Trump Tweets Warning: He’s Ready to ‘Send in the Feds’ to Chicago
President Donald Trump is serving notice he’s ready to “send in the Feds” if Chicago can’t reduce its homicide figures.
Trump tweeted late on Tuesday night: “If Chicago doesn’t fix the horrible ‘carnage’ going on, 228 shootings in 2017 with 42 killings (up 24% from 2016), I will send in the Feds!”
If Chicago doesn’t fix the horrible “carnage” going on, 228 shootings in 2017 with 42 killings (up 24% from 2016), I will send in the Feds!
— Donald J. Trump (@realDonaldTrump) January 25, 2017
It’s wasn’t clear what he meant by “the Feds.”
According to The Associated Press, Chicago Police Superintendent Eddie Johnson responded late Tuesday, saying: “The Chicago Police Department is more than willing to work with the federal government to build on our partnerships with DOJ (Department of Justice), FBI, DEA (Drug Enforcement Administration) and ATF (Bureau of Alcohol, Tobacco and Firearms) and boost federal prosecution rates for gun crimes in Chicago.”
Mayor Rahm Emanuel criticized Trump on Monday for worrying about the size of the crowd at his inauguration. Emanuel, a longtime political ally of former President Barack Obama, also acknowledged his own frustration with Chicago’s crime rate.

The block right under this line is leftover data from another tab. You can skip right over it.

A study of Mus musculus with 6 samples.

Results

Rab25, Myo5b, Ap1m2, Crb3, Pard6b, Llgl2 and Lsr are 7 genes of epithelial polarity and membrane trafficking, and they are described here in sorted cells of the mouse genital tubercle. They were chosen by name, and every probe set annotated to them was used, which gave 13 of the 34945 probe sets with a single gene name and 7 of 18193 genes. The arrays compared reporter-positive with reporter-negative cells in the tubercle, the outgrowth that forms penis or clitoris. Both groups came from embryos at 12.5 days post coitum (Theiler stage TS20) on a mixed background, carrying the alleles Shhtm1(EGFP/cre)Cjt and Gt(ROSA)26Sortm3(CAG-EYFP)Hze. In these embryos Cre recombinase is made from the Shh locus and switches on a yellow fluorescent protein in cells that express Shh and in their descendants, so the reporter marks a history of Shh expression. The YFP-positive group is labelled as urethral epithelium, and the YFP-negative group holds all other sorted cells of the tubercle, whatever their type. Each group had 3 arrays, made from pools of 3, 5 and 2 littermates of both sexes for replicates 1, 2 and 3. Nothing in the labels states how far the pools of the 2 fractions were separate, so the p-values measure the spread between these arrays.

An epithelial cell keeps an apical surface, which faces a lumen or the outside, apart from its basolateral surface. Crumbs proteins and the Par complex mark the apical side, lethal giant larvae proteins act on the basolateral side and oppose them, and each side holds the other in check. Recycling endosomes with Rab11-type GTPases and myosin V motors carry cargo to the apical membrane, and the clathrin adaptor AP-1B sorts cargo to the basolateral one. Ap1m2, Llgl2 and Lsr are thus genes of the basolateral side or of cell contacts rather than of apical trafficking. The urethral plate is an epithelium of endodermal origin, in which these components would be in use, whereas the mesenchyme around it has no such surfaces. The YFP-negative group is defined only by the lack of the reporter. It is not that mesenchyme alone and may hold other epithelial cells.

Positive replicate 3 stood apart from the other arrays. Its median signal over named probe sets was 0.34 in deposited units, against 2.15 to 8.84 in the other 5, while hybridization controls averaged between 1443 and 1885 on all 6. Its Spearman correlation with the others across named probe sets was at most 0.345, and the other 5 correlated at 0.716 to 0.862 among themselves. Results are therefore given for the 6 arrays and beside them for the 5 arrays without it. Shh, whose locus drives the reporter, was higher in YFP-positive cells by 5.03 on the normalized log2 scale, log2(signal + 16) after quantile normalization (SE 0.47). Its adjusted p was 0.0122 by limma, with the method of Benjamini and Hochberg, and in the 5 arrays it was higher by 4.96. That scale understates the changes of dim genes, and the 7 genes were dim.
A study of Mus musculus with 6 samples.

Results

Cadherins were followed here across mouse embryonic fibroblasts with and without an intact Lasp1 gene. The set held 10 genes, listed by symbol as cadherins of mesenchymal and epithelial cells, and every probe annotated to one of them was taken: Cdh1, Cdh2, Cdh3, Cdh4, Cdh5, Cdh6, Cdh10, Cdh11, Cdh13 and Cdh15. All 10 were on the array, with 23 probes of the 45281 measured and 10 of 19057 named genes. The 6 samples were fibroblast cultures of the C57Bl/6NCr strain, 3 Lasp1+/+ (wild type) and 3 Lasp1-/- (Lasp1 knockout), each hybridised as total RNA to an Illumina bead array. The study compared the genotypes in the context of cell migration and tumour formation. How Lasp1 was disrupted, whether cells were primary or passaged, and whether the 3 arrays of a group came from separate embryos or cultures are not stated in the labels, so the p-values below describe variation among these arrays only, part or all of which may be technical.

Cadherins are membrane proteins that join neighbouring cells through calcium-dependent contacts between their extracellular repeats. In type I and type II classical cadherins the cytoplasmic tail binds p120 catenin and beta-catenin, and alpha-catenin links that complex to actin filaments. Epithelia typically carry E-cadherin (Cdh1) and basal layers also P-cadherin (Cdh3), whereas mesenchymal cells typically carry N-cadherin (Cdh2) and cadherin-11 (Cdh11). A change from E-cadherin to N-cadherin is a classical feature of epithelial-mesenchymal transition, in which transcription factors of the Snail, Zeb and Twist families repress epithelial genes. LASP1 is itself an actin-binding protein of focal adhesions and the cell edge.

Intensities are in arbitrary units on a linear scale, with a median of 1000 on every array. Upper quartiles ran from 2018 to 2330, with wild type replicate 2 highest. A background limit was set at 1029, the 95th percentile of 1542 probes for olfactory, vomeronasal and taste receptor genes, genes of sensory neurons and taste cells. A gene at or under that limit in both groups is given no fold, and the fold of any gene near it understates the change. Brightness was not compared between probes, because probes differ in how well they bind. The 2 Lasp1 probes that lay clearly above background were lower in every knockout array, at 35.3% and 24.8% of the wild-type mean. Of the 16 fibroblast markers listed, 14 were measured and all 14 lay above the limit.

Trump isn’t offering specifics about how the federal government could help. The White House website says: “Our country needs more law enforcement, more community engagement and more effective policing.”
Other leaders in Chicago responded to his comment.
“We’ve talked long and hard that policing is not the sole answer here. If they are going to have help, certainly federal support and prosecution. But also making sure that we have jobs programs, that we have infrastructure investment to create jobs. Those are the kinds of things that are really going to help on this issue,” Deputy Mayor and Chief Neighborhood Development Officer Andrea Zopp told ABC7.
In 2016, Chicago’s murder and shooting total spiked to its highest in 19 years. DNAInfo says that 746 people were killed last year.
The Associated Press contributed to this report.